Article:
PITTSFIELD — Melissa Mazzeo wants to reduce the number of cops on our streets. I believe a larger police presence in our neighborhoods is vital for keeping us safe. When I took office in January 2016, there were 75 police officers patrolling our streets. Today, there are 85. In my next term I will hire 10 more. Crime and its impact on our safety is my number one priority. Our families, schools, seniors, young professionals and business leaders deserve action and I am confronting it head on.

First and foremost, I stand firmly alongside the outstanding, highly trained men and women of the Pittsfield Police Department. I am in awe of the courage, professionalism and compassion our police officers demonstrate every single day. I firmly believe that the mayor's job is to provide police officers with the personnel, training, technology and equipment that supports their prevention, response and investigation of crime.

Combating crime demands a bold, multifaceted approach. In addition to hiring more police officers, we brought ShotSpotter technology to our city. With ShotSpotter deployed in high-crime areas, police have made arrests, seized guns and collected almost 300 pieces of evidence that can be used to prosecute crimes. The Massachusetts State Police created the Community Action Team, dramatically increasing the amount of patrol time State Police can provide to Pittsfield. Successful joint law enforcement operations between the Berkshire County Sheriff's Office, the Berkshire County Drug Task Force and the Pittsfield Police Department give us a substantial advantage in combating criminal activity. Last year, when residents spoke out and demanded more police presence in the West Side, I listened. With our partners at Habitat for Humanity and Working Cities, we opened a West Side Community Outreach Post. Brave neighborhood leaders, trained by the Pittsfield Police Department, are working together to build a bridge between residents and police.

A voice for citizens

To strengthen these powerful relationships and to expand the fight against drug trafficking and gun violence, the Pittsfield Police Department is taking the lead in applying for a federal Department of Justice designation that would bring federal law enforcement personnel, funding, and resources to the Berkshires. Pittsfield was joined by other Berkshire County police departments to write a comprehensive, compelling application. In May, we submitted a School Violence Prevention grant application to the federal Department of Justice. U.S. Rep. Richard Neal, U.S. Sen. Edward Markey, and U.S. Sen. Elizabeth Warren all provided strong letters of support.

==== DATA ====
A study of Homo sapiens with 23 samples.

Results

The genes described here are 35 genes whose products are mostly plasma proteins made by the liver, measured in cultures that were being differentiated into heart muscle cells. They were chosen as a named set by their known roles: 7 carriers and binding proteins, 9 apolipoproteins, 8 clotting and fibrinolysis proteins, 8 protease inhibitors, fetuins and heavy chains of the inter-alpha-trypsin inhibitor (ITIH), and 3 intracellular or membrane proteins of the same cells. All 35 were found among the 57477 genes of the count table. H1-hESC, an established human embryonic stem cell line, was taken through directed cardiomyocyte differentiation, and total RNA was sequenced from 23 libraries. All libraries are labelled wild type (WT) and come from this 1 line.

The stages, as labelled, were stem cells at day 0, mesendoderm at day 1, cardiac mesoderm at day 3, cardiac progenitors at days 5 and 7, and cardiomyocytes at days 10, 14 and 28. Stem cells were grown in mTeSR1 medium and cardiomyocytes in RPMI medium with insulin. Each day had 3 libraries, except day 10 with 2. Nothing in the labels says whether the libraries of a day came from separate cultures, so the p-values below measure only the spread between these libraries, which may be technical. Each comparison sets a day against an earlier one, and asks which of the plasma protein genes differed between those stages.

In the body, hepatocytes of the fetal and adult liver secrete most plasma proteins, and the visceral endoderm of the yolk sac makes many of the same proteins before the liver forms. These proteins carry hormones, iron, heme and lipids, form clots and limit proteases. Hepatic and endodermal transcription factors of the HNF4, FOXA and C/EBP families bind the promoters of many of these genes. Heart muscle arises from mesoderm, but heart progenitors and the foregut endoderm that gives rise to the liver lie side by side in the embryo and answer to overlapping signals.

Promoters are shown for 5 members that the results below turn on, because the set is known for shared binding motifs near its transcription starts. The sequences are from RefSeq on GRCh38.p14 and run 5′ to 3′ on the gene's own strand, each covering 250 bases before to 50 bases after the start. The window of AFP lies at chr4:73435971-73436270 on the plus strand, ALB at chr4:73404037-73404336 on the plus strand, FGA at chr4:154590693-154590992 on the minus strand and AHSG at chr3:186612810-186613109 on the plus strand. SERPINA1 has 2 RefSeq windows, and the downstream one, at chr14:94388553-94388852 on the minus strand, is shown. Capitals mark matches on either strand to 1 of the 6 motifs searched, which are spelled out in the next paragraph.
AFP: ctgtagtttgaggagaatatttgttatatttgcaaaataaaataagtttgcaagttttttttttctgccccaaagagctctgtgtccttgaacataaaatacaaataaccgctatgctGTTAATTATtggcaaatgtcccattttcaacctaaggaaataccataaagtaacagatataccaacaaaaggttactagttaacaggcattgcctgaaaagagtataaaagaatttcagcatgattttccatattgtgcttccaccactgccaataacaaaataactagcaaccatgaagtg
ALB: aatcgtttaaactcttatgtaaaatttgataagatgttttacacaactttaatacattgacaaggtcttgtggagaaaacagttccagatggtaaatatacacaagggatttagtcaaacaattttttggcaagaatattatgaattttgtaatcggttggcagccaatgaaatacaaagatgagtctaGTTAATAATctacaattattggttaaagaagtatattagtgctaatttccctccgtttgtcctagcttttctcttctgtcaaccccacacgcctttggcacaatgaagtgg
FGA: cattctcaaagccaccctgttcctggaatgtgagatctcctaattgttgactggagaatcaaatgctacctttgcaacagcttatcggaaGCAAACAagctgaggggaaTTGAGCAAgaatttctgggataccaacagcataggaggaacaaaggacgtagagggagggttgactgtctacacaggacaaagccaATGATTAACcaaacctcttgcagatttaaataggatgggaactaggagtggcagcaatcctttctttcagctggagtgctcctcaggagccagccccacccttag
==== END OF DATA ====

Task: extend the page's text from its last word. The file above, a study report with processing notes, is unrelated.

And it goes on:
In addition to these aggressive measures, we created a citizens review and advisory board to ensure our citizens have a voice in guiding the police chief on policies and regulations. The board has the power to review internal affairs investigations and provide valuable feedback. Police responses to domestic violence or mental health calls are enhanced by a Brien Center clinician who provides care to citizens in their time of crisis and a Pittsfield police sergeant serves as a liaison to the Elizabeth Freeman Center. Implicit bias training and adding fluency in three spoken languages as well as American Sign Language improves a police officer's ability to communicate with and expertly address issues that arise in our diverse communities.

Creating jobs and lifting up neighborhoods are an essential aspect of keeping our community safe. Working closely with business leaders, we have created more than 400 new jobs in the past four years. Demolishing vacant properties, investing in home improvements, encouraging the emergence of neighborhood leaders, sprucing up outdoor spaces, bridging the elements of poverty and medically treating substance-use disorders all contribute to a comprehensive plan to keep neighborhoods safe. I am grateful that our private partners share our vision for building a stronger, safer city.

This work has made a meaningful impact, but there is still much more to be done. I simply cannot imagine doing any less than this. Melissa Mazzeo's only plan involves a risky proposal of deploying fewer cops. Fighting crime is not just a convenient, politically expedient election-year issue. It takes tenacity day in and day out to create a safer community. My record is proof that you can count on me to keep fighting for you.

This column on crime is the second of three columns by Mayor Linda Tyer on issues facing Pittsfield.